Background Although the liquid embolic agent, Onyx, is often the preferred embolic treatment for cerebral dural arteriovenous fistulas (DAVFs), there have only been a limited number of single-center studies to evaluate its performance.
Objective To carry out a multicenter study to determine the predictors of complications, obliteration, and functional outcomes associated with primary Onyx embolization of DAVFs.
Methods From the Consortium for Dural Arteriovenous Fistula Outcomes Research (CONDOR) database, we identified patients who were treated for DAVF with Onyx-only embolization as the primary treatment between 2000 and 2013. Obliteration rate after initial embolization was determined based on the final angiographic run. Factors predictive of complete obliteration, complications, and functional independence were evaluated with multivariate logistic regression models.
Results A total 146 patients with DAVFs were primarily embolized with Onyx. Mean follow-up was 29 months (range 0–129 months). Complete obliteration was achieved in 80 (55%) patients after initial embolization. Major cerebral complications occurred in six patients (4.1%). At last follow-up, 84% patients were functionally independent. Presence of flow symptoms, age over 65, presence of an occipital artery feeder, and preprocedural home anticoagulation use were predictive of non-obliteration. The transverse-sigmoid sinus junction location was associated with fewer complications, whereas the tentorial location was predictive of poor functional outcomes.
Conclusions In this multicenter study, we report satisfactory performance of Onyx as a primary DAVF embolic agent. The tentorium remains a more challenging location for DAVF embolization, whereas DAVFs located at the transverse-sigmoid sinus junction are associated with fewer complications.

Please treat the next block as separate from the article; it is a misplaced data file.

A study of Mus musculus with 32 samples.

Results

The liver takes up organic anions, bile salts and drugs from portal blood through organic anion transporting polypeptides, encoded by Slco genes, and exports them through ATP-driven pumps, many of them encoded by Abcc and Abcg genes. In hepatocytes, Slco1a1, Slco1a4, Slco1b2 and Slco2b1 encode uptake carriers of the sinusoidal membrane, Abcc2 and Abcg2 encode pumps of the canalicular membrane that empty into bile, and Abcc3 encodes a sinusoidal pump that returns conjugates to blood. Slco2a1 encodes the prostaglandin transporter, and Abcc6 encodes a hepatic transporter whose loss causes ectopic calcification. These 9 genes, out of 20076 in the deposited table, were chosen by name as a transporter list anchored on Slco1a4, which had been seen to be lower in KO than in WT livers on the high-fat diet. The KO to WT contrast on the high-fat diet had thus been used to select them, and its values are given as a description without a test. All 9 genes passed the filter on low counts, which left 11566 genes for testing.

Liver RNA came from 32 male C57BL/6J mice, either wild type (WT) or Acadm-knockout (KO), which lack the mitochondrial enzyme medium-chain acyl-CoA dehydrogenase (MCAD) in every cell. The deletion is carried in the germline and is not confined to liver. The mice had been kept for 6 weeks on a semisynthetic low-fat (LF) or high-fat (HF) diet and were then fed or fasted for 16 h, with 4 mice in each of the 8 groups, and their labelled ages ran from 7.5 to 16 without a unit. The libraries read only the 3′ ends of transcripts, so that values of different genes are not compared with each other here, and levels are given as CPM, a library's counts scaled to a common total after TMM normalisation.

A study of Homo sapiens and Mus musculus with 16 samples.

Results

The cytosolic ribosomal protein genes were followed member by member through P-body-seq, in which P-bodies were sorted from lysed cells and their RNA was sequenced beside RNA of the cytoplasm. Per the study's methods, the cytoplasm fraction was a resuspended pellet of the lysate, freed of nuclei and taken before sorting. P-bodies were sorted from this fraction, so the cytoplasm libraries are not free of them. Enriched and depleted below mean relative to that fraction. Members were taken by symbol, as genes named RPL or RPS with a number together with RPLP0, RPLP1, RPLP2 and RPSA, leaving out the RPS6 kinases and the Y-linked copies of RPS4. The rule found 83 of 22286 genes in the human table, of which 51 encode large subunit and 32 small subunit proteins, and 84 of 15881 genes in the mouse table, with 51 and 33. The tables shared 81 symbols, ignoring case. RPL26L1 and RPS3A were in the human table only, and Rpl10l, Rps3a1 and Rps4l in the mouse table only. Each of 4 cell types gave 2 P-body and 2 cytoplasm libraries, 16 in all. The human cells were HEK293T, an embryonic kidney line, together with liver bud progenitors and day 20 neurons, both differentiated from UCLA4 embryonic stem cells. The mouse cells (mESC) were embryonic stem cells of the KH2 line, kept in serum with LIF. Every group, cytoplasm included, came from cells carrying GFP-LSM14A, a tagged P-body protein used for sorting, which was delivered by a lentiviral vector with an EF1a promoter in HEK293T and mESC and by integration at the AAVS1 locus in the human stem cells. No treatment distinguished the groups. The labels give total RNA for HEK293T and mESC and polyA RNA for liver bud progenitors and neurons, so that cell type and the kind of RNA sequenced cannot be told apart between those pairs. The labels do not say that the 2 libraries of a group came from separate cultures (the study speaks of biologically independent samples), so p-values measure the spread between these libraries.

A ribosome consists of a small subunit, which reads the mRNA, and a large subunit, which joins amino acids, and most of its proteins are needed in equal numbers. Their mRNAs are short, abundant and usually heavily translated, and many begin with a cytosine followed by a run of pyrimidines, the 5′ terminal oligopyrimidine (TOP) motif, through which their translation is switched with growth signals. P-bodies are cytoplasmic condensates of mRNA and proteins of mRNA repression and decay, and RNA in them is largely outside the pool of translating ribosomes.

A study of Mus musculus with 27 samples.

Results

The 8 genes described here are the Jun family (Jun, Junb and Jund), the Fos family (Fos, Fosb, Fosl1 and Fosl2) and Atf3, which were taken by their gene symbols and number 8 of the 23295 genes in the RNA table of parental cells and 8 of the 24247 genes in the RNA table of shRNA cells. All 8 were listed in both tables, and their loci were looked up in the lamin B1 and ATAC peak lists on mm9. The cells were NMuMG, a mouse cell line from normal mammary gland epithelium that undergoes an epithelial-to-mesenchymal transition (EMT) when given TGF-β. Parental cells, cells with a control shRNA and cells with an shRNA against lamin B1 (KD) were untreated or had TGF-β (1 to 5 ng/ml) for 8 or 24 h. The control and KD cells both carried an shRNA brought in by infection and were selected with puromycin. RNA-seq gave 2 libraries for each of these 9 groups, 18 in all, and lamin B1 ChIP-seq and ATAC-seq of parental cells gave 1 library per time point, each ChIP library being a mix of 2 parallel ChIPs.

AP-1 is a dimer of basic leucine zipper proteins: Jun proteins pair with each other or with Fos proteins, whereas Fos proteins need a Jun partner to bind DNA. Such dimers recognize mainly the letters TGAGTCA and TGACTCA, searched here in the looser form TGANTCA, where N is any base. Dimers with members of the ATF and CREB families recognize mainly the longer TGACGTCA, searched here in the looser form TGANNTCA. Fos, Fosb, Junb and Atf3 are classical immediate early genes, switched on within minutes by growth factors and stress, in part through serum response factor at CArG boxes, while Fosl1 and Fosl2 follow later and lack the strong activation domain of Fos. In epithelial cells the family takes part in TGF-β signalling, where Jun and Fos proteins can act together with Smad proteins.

- liquid embolic material
Data availability statement
All data relevant to the study are included in the article or uploaded as supplementary information.
Funding This research is in part supported by National Institutes of Health (R01NS111119-01A1) and (UL1TR002736, KL2TR002737) through the Miami Clinical and Translational Science Institute.
Competing interests RMS research is supported by the Neurosurgery Research and Education Foundation, Joe Niekro Foundation, Brain Aneurysm Foundation, Bee Foundation, and by the National Institute of Health (R01NS111119-01A1) and (UL1TR002736, KL2TR002737) through the Miami Clinical and Translational Science Institute, from the National Center for Advancing Translational Sciences and the National Institute on Minority Health and Health Disparities. The paper's contents are solely the responsibility of the authors and do not necessarily represent the official views of the NIH. RMS has an unrestricted research grant from Medtronic and has consulting and teaching agreements with Penumbra, Abbott, Medtronic, InNeuroCo, and Cerenovus. LJK reports funding support from the NINDS, consultant fees from Microvention, and stock ownership in Spi Surgical. MRL reports funding support from the National Institute of Neurological Disorders and Stroke, American Heart Association, Stryker, and Medtronic; consultant fees from Medtronic and Minnetronix; and equity interest from Proprio. AA reports funding support from the NIH, and consultant fees from Cerenovus. JFP reports consultant fees from Transonic. APK reports consultant fees from Medtronic and Penumbra. FTC reports serving as medical advisor for Bind-On Demand Health Insurance. DRY reports consultant fees from Medtronic, Cerenovus, and Rapid Medical and Neural Analytics. ECP reports consultant fees from Stryker Neurovascular, Penumbra, Medtronic, and Cerenovus, and stock ownership in RIST Neurovascular. BAG reports consultant fees from Microvention.
Provenance and peer review Not commissioned; externally peer reviewed.